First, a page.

Increasingly, the holiday sales season has become the focus of game publishers' release calendars. With shoppers eager to shower their favorite gamer with the latest releases, it is the prime time for companies to move their products en masse.
However, as is becoming increasingly clear, the 2005 holiday season left a lump of financial coal in many publishers' stockings. Few, though, saw their fortunes fall as rapidly as Take-Two Interactive. Today, the company announced that it lost $29.1 million during the first quarter of its 2006 financial year, which ran from November 2005 until January 2006.
Overall, Take-Two's net sales for the quarter were $265 million, above the company's previous guidance of $230-240 million. However, the figure was way down from $502.5 million it took in during the same period the year before. Of course, then the company was enjoying record-breaking sales of Grand Theft Auto: San Andreas, which was later recalled over the "Hot Coffee" sex-minigame scandal.
Ironically, Take-Two said the rereleased version of San Andreas, now just $19.99 for the PS2, was one of its two top games during the quarter. The other was another GTA game, Grand Theft Auto: Liberty City Stories for the PSP. Since it launched in October 2005, the latter title has remained the best-selling game for Sony's portable.
All Grand Theft Auto games are published under Take-Two's Rockstar Games label. In its earnings release, the company singled out the two top sellers of its other subbrand, 2K Games. They were Civilization IV, the latest addition to the popular PC strategy series, and the Xbox 360 version of NBA 2K6. According to the latest figures from NPD Funworld, the two titles sold nearly 429,000 and 70,000 copies on their respective platforms as of January.
Though it put on a brave face, Take-Two was likely disappointed by the performance of NBA 2K6--and the rest of its Xbox 360 launch lineup. The company bet big on Microsoft's new console, and rushed to release three games--Amped 3, NBA 2K6, and NHL 2K6--in time for its November 22 US debut. However, widespread shortages of the Xbox 360 continue to hamper sales of the platform to this day, no doubt frustrating publishers.
In a statement, CEO Paul Eibeler laid out his plan to turn Take-Two around. "We are working to manage through the console transition," he said. "Most importantly, we will continue to focus our development resources on creating great content and further leveraging our proprietary brands."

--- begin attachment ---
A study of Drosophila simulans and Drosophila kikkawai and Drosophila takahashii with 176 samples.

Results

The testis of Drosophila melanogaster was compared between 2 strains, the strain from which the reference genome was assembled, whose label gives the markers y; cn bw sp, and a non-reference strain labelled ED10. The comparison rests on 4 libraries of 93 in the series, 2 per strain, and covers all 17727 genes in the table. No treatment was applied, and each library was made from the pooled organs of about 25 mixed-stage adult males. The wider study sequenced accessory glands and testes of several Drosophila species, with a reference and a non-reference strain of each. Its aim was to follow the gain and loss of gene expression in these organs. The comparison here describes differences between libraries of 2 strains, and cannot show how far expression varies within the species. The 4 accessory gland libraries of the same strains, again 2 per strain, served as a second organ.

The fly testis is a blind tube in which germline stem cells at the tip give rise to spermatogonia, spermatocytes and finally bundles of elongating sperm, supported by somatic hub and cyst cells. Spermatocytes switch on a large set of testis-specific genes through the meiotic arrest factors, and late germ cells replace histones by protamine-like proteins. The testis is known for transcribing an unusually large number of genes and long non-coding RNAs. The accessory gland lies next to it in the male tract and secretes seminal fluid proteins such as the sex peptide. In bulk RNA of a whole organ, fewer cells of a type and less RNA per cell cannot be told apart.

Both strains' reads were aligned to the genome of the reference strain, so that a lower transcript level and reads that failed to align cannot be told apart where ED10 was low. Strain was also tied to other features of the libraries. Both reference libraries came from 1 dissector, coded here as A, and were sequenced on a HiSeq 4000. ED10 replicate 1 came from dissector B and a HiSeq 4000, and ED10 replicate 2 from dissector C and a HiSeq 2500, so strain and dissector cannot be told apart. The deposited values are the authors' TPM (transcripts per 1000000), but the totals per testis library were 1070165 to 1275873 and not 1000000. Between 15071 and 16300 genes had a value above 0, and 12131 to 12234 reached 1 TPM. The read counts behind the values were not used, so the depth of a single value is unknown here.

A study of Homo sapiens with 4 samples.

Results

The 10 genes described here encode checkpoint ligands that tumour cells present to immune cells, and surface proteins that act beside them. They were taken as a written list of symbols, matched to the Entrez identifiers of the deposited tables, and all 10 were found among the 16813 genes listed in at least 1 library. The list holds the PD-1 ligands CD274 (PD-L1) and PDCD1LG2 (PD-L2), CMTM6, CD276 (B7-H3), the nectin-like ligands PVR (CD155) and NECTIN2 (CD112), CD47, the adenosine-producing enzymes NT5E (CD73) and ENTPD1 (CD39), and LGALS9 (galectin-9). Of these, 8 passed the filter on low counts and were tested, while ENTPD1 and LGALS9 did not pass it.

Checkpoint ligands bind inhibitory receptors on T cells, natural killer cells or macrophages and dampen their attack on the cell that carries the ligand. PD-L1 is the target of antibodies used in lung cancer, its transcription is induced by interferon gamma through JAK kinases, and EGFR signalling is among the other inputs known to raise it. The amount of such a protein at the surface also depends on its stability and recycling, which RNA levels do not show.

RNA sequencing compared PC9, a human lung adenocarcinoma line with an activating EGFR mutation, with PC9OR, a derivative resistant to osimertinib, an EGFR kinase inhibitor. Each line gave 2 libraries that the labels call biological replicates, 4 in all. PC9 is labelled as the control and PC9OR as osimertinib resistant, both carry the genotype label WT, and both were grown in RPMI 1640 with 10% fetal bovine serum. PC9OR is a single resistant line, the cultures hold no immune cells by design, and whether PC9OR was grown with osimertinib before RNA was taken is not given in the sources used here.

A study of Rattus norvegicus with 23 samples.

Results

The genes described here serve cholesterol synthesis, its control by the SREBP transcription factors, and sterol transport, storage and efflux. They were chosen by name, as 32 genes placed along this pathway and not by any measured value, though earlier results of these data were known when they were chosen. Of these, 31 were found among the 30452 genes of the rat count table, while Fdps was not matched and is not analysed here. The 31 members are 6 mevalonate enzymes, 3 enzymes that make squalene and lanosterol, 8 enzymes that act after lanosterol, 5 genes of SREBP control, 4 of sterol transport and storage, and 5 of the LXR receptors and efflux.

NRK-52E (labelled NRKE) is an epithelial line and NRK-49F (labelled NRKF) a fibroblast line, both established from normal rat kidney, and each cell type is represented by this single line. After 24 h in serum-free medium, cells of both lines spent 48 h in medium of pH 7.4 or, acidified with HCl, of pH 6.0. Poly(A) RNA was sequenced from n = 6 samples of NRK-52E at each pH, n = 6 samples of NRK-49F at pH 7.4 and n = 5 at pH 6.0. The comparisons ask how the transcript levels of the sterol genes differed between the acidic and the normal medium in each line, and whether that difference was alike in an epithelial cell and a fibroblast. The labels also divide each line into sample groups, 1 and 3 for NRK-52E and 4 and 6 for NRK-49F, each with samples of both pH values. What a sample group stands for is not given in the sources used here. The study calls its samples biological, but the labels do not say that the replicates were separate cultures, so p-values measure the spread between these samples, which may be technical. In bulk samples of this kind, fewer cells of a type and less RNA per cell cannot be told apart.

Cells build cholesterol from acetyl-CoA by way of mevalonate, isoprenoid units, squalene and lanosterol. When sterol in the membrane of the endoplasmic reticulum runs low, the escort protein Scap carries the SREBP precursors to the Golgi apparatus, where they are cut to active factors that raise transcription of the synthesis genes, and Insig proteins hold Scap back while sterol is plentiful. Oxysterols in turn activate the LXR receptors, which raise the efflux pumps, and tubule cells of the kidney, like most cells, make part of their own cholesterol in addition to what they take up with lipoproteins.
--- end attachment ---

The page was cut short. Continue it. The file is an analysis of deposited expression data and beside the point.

What brands would those be? Since the beginning of February, Take-Two has shipped 24: The Game (PS2) and the Xbox 360 version of College Hoops 2K6. During the rest of the quarter, which ends in April, it plans on shipping The Elder Scrolls IV: Oblivion (PC, Xbox 360), the budget-priced Midnight Club 3: DUB Edition REMIX (PS2, Xbox), Top Spin 2 (Xbox 360), the PS2 port of Grand Theft Auto: Liberty City Stories, and Major League Baseball 2K6 for the Xbox, Xbox 360, PSP, GameCube, and PlayStation 2.
During the remainder of its 2006 fiscal year, which ends on October 31, Take-Two plans on shipping Table Tennis (Xbox 360), Bully (PS2, Xbox), The Da Vinci Code (current-gen consoles, PC), Prey (Xbox 360, PC), Family Guy (current-gen consoles), Stronghold Legends (PC), and The Darkness (unnamed next-generation systems). It also plans on releasing two new PSP titles, including a second GTA game for the platform, and a mysterious "sequel of a Rockstar brand for a current-generation console system." For the fiscal year, the company plans on releasing more than 70 SKUs, or individual products.
In his statement, Eibeler also obliquely touched on another Take-Two expense--the cost of studio acquisitions. During its fiscal Q1 2006, the company made two major purchases, scooping up Civilization studio Firaxis and BioShock developer Irrational Games for $26.7 million and $11.8 million, respectively. "We're taking a hard look at every aspect of our business and are balancing the need to manage expenses while investing in creative resources and the infrastructure needed to support our diversification efforts," said Eibeler.